Popular Culture: Production and Consumption

Lee Harrington (Editor), Denise Bielby (Editor)

ISBN: 978-0-631-21710-7 September 2000 Wiley-Blackwell 364 Pages


List of Contributors.


1. Constructing the Popular: Cultural Production and Consumption: C. Lee Harrington and Denise D. Bielby.

Part I: What is Popular?:.

2. Making Artistic Music Popular Music: The Goal of True Folk: John Blacking.

3. Batman, Deviance, and Camp: Andy Medhurst.

4. Take Me Out to the Ball Game: The Transformation of Production-Consumption.

Relations in Professional Team Sport: Kimberly S. Schimmel.

5. Art Appreciation at Caesar's Palace: Mel McCombie.

Part II: Cultural Production/Commodification:.

6. Art as Collection Action: Howard S. Becker.

7. Commodity Lesbianism: Danae Clark.

8. Alternative to What?: Tom Frank.

9. Imagineering the Inner City?: Landscapes of Pleasure and the Commodification of Cultural Spetacle in the Postmodern City: Scott Salmon.

Part III: Taste, Reception, and Resistance: .

10. Encoding/Decoding:.

Stuart Hall.

11. (Male) Desire and (Female) Disgust: Reading Hustler: Laura Kipnis.

12. Hang Up My Rock and Roll Shoes: The Cultural Production of Rock and Roll: Harris Friedberg.

13. Site Reading?: Globalization, Identity and the Consumption of Place in Popular Music: Minelle Mahtani and Scott Salmon.

14. Diasporic Noise: History, Hip Hop, and the Post-colonial Politics of Sound: George Lipsitz.

Part IV: Authoring Texts/Readers Reading: .

15. The Concept of Formula in the Study of Popular Literature: John G. Cawelti.

16. The Task of the Translator: An Introduction to the Translation of Baudelaire's Tableux Parisien: Walter Benjamin.

17. Intertextuality: John Fiske.

18. On Reading Soaps: A Semiotic Primer: Robert C. Allen.

19. Don't Have to DJ No More: Sampling and the "Autonomous" Creator: David Sanjek.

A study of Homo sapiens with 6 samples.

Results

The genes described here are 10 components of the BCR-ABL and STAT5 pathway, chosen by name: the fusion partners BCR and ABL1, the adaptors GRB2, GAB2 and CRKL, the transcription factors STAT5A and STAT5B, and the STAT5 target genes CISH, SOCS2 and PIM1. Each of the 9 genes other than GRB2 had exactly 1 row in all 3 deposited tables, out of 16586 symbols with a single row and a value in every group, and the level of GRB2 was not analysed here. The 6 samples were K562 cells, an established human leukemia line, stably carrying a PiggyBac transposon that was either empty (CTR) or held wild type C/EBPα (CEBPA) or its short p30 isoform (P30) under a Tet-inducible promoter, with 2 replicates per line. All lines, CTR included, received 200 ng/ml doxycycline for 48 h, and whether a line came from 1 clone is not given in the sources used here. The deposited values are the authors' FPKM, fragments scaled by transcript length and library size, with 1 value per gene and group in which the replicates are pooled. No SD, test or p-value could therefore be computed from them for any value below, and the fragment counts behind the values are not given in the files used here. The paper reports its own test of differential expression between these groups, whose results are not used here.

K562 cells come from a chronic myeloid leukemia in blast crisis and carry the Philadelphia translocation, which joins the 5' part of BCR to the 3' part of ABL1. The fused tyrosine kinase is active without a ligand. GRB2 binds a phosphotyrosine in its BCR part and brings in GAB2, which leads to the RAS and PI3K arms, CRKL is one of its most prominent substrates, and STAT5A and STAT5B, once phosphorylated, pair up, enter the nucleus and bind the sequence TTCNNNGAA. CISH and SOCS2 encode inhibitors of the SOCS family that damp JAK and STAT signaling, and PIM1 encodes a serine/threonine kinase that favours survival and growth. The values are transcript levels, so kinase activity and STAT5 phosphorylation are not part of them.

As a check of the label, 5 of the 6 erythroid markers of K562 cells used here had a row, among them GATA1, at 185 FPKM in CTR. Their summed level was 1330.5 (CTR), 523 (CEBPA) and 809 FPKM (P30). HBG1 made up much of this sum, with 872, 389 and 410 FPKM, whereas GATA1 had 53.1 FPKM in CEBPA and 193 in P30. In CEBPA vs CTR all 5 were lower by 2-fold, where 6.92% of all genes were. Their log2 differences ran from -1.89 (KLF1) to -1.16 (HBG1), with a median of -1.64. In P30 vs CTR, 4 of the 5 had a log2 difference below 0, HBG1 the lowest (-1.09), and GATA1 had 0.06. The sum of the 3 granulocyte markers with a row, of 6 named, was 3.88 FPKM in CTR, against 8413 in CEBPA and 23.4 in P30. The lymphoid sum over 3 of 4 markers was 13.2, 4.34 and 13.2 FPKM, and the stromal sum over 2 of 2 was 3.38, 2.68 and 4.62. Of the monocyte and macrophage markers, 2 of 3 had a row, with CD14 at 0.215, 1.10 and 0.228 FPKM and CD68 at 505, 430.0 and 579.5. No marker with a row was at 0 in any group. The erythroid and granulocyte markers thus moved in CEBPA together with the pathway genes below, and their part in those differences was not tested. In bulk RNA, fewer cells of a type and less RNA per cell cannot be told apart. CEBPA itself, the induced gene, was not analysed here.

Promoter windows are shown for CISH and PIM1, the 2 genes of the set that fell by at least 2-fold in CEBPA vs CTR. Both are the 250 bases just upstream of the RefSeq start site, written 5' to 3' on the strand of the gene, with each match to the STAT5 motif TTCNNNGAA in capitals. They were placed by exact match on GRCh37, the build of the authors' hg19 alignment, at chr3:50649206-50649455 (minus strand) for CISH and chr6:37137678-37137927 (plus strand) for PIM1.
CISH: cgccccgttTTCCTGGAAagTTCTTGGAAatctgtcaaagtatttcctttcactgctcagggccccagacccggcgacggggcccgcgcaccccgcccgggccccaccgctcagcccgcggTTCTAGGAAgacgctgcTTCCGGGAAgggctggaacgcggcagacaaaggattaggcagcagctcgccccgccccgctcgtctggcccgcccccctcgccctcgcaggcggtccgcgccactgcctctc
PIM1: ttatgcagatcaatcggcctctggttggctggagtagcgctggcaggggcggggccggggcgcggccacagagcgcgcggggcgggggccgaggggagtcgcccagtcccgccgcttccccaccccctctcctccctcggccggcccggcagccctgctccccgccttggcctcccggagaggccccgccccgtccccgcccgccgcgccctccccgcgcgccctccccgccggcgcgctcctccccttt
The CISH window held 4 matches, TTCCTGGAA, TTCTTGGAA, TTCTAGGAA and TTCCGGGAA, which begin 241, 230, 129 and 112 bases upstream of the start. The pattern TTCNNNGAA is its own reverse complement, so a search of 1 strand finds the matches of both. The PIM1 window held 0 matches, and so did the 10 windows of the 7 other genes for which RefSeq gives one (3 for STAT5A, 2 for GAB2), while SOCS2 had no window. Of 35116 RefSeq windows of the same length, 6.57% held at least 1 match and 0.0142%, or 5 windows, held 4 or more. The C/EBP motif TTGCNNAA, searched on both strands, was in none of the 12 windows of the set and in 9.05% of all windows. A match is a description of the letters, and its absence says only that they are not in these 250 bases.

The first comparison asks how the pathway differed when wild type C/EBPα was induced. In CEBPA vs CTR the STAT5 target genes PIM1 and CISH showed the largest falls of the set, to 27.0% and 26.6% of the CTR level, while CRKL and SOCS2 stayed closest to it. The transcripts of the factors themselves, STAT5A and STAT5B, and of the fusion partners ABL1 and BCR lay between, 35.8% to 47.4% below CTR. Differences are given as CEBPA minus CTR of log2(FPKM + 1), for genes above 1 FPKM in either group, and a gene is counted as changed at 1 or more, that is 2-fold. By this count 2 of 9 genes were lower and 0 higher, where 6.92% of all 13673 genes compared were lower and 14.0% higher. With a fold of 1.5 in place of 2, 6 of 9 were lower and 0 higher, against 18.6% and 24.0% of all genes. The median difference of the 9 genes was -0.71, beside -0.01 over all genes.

Part V: Celebrity and Fandom:.

20. The Assembly Line of Greatness: Celebrity in Twentieth-Century America: Joshua Gamson.

21. Mountains of Contradictions: Gender, Class, and Region in the Star Image of Dolly Parton: Pamela Wilson.

22. Fandom as Pathology: Joli Jenson.

23. Scottish Fans, not English Hooligans! Scots, Scottishness, and Scottish Football: Gary P. T. Finn and Richard Giulianotti.


"In putting together a reader on Hustler, football hooligans, hip-hop, soap operas, and Dolly Parton, Harrington and Bielby demonstrate excellent taste. If you find that statement improbable, you will expand your horizons by taking a look at the superb scholarship contained in this collection. If, on the other hand, you think it perfectly plausible, you will use this book anyway to teach your courses, to guide your research, and to deepen your understanding of the cultural seas in which we all swim." Wendy Griswold, Northwestern University

"This book is a most welcome addition to the field of media studies. Harrington and Bielby have chosen wisely by including a range of historical and more contemporary pieces that explore the production-consumption nexus in fresh and innovative ways. Art, music, prime-time television, movies, sports, video games, urban landscapes, all of this and more, will lead students and scholars alike to think comparatively about popular culture." Ron Lembo, Amherst College

  • A Demonstrates links between how culture is produced and consumed.
    A Covers wide range of examples found in popular culture.
    A Adopts a cross-disciplinary approach.
    A Includes both classic and contemporary essays as well as new articles written especially for this volume.